European Society for Medical Oncology Congress
European Society for Medical Oncology Congress
October 01, 2019
2 min read

Targeted therapy shows benefit in advanced cholangiocarcinoma


The agent appeared associated with a doubling of PFS compared with placebo — although the median in the experimental arm remained less than 3 months. Researchers also observed a favorable trend in OS, particularly when crossover from placebo to the study drug was taken into account.

“Sadly, cholangiocarcinoma remains an aggressive disease with a median OS measured below 1 year,” Ghassan K. Abou-Alfa, MD, medical oncologist at Memorial Sloan Kettering Cancer Center, told HemOnc Today. “We know that isocitrate dehydrogenase (IDH1) mutation itself does not carry a very favorable prognosis, so an increase in PFS or survival is a valid endpoint and something to move forward with.”

Cholangiocarcinoma — a rare but aggressive subtype of bile duct cancer — has a poor prognosis. Most patients die of the disease, and there is an urgent need for more effective therapies, according to study background.

IDH1 mutations occur in approximately 15% of cholangiocarcinoma cases. Ivosidenib (Tibsovo, Agios) is an oral small molecule inhibitor of the mutant IDH1 protein.

The ClarIDHy study included 185 patients (median age, 62 years; 117 women) with unresectable (8%) or metastatic (92%) IDH1-mutant cholangiocarcinoma.

Researchers randomly assigned 124 patients to ivosidenib (Tibsovo, Agios) dosed at 500 mg once daily. The other 61 patients received placebo. Investigators stratified randomization by the number of prior systemic therapies (one or two).

Study protocol allowed patients assigned placebo to cross over to ivosidenib treatment upon radiographic progressive disease.

PFS by central review served as the primary endpoint. PFS, safety, objective response rate and OS served as secondary endpoints.

Median PFS by central review was 2.7 months in the ivosidenib group and 1.4 months in the placebo group (HR = 0.37; 95% CI, 0.25-0.54). Ivosidenib-treated patients were more likely to be progression free at 6 months (32% vs. 22%) and 12 months (21.9% vs. 0%).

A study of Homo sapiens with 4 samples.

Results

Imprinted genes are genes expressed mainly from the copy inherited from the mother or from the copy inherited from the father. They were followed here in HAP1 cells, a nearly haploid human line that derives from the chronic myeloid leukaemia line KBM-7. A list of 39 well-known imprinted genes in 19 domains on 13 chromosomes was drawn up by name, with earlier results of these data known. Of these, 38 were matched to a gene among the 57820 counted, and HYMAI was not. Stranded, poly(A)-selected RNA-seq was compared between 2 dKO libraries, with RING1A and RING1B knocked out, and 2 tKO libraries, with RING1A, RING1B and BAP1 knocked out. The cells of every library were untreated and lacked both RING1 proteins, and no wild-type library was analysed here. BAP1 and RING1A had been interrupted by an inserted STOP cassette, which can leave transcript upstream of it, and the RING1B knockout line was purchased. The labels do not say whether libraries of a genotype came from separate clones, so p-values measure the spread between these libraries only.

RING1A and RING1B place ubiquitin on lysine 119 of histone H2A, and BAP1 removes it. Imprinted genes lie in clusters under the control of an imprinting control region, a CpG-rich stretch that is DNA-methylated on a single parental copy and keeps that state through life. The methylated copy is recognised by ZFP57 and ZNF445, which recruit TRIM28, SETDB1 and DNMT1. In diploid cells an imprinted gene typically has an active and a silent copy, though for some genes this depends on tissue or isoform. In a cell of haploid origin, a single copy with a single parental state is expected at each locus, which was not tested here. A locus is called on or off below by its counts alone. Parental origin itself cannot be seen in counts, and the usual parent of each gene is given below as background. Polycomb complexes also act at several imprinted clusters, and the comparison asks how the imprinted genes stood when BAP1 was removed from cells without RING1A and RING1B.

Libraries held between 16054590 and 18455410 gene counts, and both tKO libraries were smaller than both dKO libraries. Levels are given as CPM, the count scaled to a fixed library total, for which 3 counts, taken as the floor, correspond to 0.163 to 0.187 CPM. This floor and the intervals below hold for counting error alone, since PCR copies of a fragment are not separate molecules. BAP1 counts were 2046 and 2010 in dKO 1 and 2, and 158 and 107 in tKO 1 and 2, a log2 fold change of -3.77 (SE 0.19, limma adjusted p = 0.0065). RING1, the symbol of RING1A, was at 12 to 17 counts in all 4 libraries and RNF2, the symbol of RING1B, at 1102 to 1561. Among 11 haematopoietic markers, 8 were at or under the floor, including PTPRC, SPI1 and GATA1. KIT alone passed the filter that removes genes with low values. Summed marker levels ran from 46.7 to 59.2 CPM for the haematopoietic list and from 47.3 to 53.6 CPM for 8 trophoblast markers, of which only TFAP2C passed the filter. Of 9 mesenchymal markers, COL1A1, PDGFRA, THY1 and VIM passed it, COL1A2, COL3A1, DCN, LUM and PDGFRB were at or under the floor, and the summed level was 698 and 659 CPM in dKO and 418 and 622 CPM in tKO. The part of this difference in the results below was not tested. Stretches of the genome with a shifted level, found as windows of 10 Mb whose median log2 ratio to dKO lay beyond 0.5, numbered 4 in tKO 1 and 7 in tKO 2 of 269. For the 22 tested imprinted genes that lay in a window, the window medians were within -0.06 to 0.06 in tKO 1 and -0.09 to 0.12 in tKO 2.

Three patients (2.4%) assigned ivosidenib achieved partial response compared with none in the placebo group. Rates of stable disease were 50.8% with ivosidenib and 27.9% with placebo.

By intention-to-treat analysis, median OS was 10.8 months with ivosidenib and 9.7 months with placebo (HR = 0.69; 95% CI, 0.44-1.1).

However, 57% of patients assigned placebo crossed over to ivosidenib. A rank-preserving structural failure time-adjusted analysis that accounted for crossover showed a statistically significant OS advantage with ivosidenib (median, 10.8 months vs. 6 months; HR = 0.46; 95% CI, 0.28-0.75).


Common adverse events in the ivosidenib arm included nausea (32.1%), diarrhea (28.8%), fatigue (23.7%), cough (19.2%), abdominal pain (18.6%), ascites (18.6%), decreased appetite (17.3%), anemia (16%) and vomiting (16%).

No patients died due to treatment.

“PFS was statistically significant, but I think the most important thing to look at is the curve beyond the median,” Abou-Alfa told HemOnc Today. “We saw the separation as it moved forward. The curve did not really begin to separate until 6 weeks and continued to grow as it went on.” – by John DeRosier


Abou-Alfa GK, et al. Abstract LBA10. Presented at: European Society for Medical Oncology Congress; Sept. 27-Oct. 1, 2019; Barcelona, Spain.

Disclosures: Abou-Alfa reports consultant roles with 3DMedicare, Agios, Amgen, Antengene, Aptus, Array, Aslan, Astellas, Bayer, Beigene, Bioline, Bristol-Myers Squibb, Boston Scientific, Bridgebio, Carsgen, Celgene, Cipla, CytomX, Debio, Delcath, Eisai, Eli Lilly, Exelixis, Genoscience, Halozyme, Hengrui, Incyte, Inovio, Ipsen, Jazz Pharmaceuticals, Janssen, Kyowa Kirin, Loxo Oncology, Merck, Mina, Novartis, Novella, OncoQuest, Onxeo, PCI Biotech, Pfizer, Roche, Sanofi, Servier, Silenseed, Sillajen, Sobi, Targovax, Tekmira, Twoxar, Vicus, Yakult and Yiviva. Please see the study for all other authors’ relevant financial disclosures.